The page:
By Sarah Trefethen
A pair of West Village commercial buildings has sold for $32 million dollars to an unnamed buyer who may convert the properties for residential use.
The one- and two- story buildings at 85 and 89 Jane Street occupy 110 feet of frontage on Jane, according to Peter McCuen of Peter McCuen and Associates, who along with Jim St. Andre represented the seller in the transaction.
The 12,000 s/f property is across the street from 777 Washington Street, which sold — in another deal by McCuen — in early 2008 for $35 million. The buyer was a hedge fund manager who tore down the residence on the site and replaced it with his own three-story mansion. It is also around the corner from Related Co’s Superior Ink condos, and Related leased space in the Jane Street buildings for use as a sales office.
McCuen declined to name the buyer or comment on their plans for the property. However, he said, “based on the pricing, the numbers tend to dictate that it will be residential.”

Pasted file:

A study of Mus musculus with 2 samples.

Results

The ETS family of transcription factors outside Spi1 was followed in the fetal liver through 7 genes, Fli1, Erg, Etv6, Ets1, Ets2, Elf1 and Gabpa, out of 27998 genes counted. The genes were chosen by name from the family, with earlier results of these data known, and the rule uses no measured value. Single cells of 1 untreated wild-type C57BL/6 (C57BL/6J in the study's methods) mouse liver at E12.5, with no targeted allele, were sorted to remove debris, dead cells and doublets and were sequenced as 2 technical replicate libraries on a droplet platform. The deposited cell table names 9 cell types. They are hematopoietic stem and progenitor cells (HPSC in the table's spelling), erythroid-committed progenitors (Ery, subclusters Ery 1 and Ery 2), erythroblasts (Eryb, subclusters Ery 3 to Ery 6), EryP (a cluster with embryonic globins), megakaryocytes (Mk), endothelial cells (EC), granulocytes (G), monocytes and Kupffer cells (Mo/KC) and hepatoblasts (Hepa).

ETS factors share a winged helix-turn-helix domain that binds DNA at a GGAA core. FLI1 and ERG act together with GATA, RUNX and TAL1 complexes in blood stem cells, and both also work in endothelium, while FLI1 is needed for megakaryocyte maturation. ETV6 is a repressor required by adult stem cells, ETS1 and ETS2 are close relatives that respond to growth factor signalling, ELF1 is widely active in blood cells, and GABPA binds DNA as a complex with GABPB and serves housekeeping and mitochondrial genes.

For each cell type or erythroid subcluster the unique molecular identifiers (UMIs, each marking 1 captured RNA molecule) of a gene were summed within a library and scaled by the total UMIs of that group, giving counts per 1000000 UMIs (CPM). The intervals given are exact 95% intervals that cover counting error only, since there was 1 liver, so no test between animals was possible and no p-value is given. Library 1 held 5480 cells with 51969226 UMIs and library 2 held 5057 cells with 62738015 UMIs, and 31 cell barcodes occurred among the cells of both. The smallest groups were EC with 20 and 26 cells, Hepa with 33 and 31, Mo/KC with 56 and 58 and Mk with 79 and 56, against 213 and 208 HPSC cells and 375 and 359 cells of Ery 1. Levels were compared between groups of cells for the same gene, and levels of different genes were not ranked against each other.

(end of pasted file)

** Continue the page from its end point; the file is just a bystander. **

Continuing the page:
Residential broker Robert Browne, a senior vice president at Corcoran Group, represented the buyer in the deal, according to McCuen. Browne could not be reached for comment by press time.
McCuen called the sale price of $2,700 psf “record-breaking.” At the height of the residential market, turn-key townhouses in the neighborhood were selling for between $3,000 and $4,000 psf, he said, while those in need of a gut renovation garnered between $2,000 and $2,500.
The buildings have been on the market for about two years. The listing describes the site as “the last great mansion site available in the West Village and one of the most desirable properties to ever become available in Manhattan.”
The property is part of the Greenwich Village Historic District and any modification will be subject to approval by the city’s Landmarks Preservation Commission. With that caveat, the listing describes the potential for “over 8,000 s/f below grade allowing for rare amenities that could include a pool, gym, art gallery, wine cellar, parking etc.”
The current buildings on the site were the home of the Steinway supplier Pro Piano from 1979 until Related leased the space. According to a 2009 New York Times article that cited landmark preservation commission records, one building was put up in the mid-19th century on the site of a stoneyard, and has been repeatedly altered since. The other began life in 1919 as a one-story garage.